The week is flying by; with having Monday (President's day) off it's gone flashing past me. Luke had a bad day yesterday with his neck all stiff and feeling very sorry for himself. But this is a common ailment for him and it will pass as it always does. I'm not sure how he is feeling yet today; he's still sleeping and doesn't look like he's getting up anytime soon.
I was working on getting my book off to the printer all day yesterday. I have a few more photos to work up and then it's off; can't wait. Working on all the photos gave me time to think about each and every shoot. I love meeting new dogs; hearing about their lives with their guardians, it is all very interesting.
Most shoots I do are planned but there are days that I'm out and about with my camera looking. I love to shoot all aspects of the dog/human life together as well as dogs on their own and I am very careful to always ask permission. There have been only two times when I shot before asking and one of those images ended up in a magazine. Oh, I asked "is it okay?" after I shot the images. I have my little schpeel that I give people and only two have ever said NO. I always wonder what these type of people think I'm going to do with the photos of their dog.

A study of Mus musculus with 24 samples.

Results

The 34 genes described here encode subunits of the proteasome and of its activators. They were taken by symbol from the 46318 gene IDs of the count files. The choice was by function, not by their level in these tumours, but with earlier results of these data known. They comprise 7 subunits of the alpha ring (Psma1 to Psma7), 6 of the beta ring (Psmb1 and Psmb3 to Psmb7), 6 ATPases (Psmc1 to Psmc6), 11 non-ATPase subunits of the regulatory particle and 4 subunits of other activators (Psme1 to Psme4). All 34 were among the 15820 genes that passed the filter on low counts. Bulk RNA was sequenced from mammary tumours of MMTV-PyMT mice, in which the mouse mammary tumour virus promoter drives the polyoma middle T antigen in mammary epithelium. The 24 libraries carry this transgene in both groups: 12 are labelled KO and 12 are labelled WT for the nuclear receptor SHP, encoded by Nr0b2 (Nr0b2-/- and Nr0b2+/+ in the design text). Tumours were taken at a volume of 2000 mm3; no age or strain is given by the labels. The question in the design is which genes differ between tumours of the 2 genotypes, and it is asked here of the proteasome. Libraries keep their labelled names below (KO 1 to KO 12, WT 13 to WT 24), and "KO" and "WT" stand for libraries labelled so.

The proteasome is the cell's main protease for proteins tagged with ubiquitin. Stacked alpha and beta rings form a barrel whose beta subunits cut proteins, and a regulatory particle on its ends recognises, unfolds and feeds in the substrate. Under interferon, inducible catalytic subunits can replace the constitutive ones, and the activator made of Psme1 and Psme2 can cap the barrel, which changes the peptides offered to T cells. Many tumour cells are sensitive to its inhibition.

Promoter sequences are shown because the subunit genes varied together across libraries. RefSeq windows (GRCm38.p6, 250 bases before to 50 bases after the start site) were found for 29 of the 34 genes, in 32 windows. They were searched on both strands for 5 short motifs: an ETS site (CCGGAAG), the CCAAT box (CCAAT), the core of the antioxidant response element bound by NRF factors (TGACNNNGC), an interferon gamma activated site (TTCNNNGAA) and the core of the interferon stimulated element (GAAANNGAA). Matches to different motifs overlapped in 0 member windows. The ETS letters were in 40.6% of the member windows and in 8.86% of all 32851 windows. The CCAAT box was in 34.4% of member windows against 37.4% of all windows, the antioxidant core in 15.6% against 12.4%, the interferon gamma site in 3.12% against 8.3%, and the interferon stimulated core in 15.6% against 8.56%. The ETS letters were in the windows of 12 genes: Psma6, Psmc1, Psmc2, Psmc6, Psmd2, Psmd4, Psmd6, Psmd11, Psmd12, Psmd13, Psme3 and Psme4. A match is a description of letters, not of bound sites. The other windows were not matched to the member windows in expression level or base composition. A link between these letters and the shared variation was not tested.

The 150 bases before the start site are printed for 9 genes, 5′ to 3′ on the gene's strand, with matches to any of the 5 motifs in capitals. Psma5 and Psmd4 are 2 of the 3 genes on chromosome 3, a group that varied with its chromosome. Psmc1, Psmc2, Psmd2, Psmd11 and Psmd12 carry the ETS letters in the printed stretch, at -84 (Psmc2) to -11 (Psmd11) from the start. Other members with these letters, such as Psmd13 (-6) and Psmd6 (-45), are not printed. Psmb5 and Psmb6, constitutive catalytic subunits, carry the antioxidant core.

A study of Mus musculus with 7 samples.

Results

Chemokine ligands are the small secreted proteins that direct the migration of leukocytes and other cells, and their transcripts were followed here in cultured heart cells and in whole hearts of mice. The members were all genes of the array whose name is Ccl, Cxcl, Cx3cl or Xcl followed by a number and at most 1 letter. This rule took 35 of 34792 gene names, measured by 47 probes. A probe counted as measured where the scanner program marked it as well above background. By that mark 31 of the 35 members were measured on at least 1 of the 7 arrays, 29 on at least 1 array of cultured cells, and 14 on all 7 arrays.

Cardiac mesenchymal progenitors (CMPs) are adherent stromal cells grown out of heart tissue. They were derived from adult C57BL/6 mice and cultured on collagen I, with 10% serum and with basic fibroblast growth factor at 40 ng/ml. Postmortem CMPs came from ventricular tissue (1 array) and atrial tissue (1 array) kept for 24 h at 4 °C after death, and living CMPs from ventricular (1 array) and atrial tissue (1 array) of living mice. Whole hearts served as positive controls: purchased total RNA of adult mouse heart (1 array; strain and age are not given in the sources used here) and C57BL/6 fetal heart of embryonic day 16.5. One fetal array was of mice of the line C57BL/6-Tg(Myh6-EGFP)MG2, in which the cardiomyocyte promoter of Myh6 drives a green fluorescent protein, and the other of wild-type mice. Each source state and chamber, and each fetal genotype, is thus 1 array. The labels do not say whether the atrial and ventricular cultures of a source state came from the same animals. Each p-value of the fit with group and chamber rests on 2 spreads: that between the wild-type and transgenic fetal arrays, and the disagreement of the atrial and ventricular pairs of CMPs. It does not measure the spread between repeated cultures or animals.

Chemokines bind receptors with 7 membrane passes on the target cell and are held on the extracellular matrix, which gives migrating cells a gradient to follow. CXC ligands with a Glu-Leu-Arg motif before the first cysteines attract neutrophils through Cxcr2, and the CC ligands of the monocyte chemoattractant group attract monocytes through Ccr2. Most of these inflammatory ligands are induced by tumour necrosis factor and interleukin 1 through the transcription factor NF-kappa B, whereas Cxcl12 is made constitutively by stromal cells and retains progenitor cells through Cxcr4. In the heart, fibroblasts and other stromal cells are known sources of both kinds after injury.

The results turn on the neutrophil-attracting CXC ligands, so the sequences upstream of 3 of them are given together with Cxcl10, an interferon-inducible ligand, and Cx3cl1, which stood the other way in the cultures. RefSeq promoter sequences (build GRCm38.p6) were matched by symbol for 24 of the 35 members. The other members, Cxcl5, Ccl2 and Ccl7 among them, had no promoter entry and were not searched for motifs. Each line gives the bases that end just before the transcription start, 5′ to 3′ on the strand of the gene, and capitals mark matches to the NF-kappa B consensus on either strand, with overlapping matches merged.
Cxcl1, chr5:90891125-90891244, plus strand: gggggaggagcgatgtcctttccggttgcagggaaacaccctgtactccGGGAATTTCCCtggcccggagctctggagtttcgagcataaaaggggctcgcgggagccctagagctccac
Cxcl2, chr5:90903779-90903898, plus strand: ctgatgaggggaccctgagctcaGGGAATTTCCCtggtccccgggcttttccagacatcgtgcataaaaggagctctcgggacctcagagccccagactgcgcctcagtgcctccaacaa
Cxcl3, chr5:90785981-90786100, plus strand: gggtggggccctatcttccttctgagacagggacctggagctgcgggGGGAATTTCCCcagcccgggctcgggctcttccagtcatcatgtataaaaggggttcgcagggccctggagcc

I like to get natural looking shots; I'm not one for posed pictures and many times will say "I'm not shooting if you pose." People love to pose for pictures, just pick up your camera and point and see what happens. I'm in the market for a larger lense right now and this is one of the reasons. To me there is nothing like a candid and the further you get away from people the easier it is to get one.
As for dogs; candids are easy but there are many times that a shot needs a little help. There have been those moments when a dog simply won't turn around. Especially when using natural light only; sometimes I just need to place a dog correctly. I like a natural expression on a dogs face as well. Being a behavior specialist I can see the tiniest "wrong" expression. A bit of stress, fear, anxiety or apprehension can ruin an image.
Dogs need to be comfortable for a shoot; this is one reason I have never got into studio work with dogs. I remember long ago taking my three to a studio to be photographed; didn't turn out so great. They were very antsy and it was hard to get a good naturally happy expression. Take a dog to the park, a beach or have them just chill at home and you can get some amazing shots. Some of the most regular everyday type behaviors give you the best images.
When you look at an image of your dog years from now; you want an image that portrays your dog as you remember them. Catching that moment in time can be accomplished by shooting relaxed dogs. The more relaxed the photographer is, the more relaxed the shoot will be; thus giving you a relaxed pooch for great images. Chill'n is the secret.